Greece raised euro1.625 billion ($2.28 billion) in an auction of treasury bills Tuesday, though the higher interest rate it has to pay showed investor unease a day after the country's credit rating was downgraded sharply.
In return for selling the 26-week bills, Greece had to pay an interest rate of 4.75 percent, the Public Debt Management Agency said. The rate was up from the 4.64 percent it had to pay in a similar auction last month, but lower than the 4.90 percent demanded in January.
Though investors wanted a higher rate in return for their cash, the Greek government still managed to raise more than the original offer of euro1.25 billion. Demand was relatively healthy, with the auction 3.59 times oversubscribed.
Tuesday's sale came after Moody's slashed the debt-ridden country's junk rating by three notches to B1, prompting a furious riposte from the Greek government, which described the move as "completely unjustified."
Greece began short-dated treasury bill sales last September to maintain a presence in the market after its debt crisis sent interest rates for longer-term money soaring, effectively blocking the country from the bond market.
The country was saved from bankruptcy by last May's euro110 billion ($154 billion) three-year bailout loan package from the other EU countries that use the euro and the International Monetary Fund.
Under the conditions of the deal, Greece has been implementing a raft of unpopular austerity measures _ including public sector pay cuts, an overhaul of the pension system and tax hikes _ and is being closely supervised by the IMF and EU. Funds from the rescue loans are paid out quarterly, after a team of inspectors verifies the country is meeting the conditions of the agreement. The EU and IMF are expected to officially approve a euro15 billion installment _ the second largest of the program _ this month.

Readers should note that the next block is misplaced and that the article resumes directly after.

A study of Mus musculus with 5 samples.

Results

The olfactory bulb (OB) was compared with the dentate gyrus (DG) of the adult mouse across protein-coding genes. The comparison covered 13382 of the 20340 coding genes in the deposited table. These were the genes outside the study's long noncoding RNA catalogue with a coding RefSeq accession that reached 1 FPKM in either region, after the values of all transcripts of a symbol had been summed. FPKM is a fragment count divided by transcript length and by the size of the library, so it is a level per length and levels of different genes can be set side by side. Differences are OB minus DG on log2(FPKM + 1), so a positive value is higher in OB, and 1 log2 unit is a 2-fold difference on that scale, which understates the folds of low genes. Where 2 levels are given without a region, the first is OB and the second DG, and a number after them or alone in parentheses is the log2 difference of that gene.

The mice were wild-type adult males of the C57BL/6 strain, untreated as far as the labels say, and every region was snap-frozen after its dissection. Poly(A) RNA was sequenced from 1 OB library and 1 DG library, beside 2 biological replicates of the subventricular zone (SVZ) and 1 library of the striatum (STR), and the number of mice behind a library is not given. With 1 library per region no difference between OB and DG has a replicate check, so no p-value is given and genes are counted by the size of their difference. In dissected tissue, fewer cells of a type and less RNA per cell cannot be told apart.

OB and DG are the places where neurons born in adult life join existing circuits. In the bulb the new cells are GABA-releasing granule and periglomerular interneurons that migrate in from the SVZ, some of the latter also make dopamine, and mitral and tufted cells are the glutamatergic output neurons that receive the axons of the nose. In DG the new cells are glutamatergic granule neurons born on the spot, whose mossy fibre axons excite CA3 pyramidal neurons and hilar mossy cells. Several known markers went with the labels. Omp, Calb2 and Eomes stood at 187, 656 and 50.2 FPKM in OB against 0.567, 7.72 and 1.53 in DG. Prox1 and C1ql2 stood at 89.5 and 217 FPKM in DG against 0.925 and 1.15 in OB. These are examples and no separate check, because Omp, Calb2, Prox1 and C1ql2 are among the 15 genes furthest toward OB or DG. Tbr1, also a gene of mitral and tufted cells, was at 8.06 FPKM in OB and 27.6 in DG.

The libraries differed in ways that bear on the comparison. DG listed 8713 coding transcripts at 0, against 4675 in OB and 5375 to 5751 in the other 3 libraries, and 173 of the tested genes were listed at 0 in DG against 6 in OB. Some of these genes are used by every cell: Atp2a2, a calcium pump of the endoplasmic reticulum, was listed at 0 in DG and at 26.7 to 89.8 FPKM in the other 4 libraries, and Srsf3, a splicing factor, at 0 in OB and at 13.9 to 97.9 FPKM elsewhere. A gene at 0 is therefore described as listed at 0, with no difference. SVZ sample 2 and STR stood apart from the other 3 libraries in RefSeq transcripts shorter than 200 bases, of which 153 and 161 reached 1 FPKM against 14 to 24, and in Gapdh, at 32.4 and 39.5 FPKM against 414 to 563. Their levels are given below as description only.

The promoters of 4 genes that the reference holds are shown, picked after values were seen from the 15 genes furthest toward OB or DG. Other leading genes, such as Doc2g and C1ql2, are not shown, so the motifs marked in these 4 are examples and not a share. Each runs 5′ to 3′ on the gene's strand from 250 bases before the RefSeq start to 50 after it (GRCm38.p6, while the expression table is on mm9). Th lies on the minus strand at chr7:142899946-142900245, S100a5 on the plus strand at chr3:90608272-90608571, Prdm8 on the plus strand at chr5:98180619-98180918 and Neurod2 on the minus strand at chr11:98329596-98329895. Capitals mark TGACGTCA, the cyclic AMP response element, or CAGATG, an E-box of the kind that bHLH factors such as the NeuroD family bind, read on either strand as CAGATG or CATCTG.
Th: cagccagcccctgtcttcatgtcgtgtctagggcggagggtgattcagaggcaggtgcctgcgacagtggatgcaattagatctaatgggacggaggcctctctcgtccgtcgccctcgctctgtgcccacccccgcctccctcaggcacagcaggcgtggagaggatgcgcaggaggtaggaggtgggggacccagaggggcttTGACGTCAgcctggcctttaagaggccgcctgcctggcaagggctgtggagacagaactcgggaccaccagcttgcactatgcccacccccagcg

Greece was the first eurozone country to need a bailout, and has since been joined by Ireland.
Athens hopes to negotiate lower interest rates and extensions in the repayment schedule for the loans. The EU may offer such concessions as part of a comprehensive solution to the debt crisis expected to be unveiled at a March 25 summit in Brussels.
Prime Minister George Papandreou began meetings with opposition leaders Tuesday ahead of the summit, seeking support at home for what he has described as a national effort to pull the country out of its financial crisis.
Papandreou said only a comprehensive solution would be satisfactory.
For his part, Antonis Samaras, the head of the main conservative opposition party, called for a "drastic change" in the terms of the bailout loan, saying the conditions of the deal were strangling the Greek economy.
He said he supported proposals including the reduction of the bailout loan interest rate and the extension of the repayment schedule.
"For us it is self-evident that even if we ensured favorable decisions for the handling of the debt, as for example in a (repayment) extension, this alone won't solve the problem," he said. "Because the problem today is the suffocation of the Greek economy itself by the memorandum."
Aleka Papariga, the head of the Communist Party which has backed many of the frequent strikes protesting the austerity measures, insisted that "there can be no consensus" and said Greeks could expect more harsh measures ahead.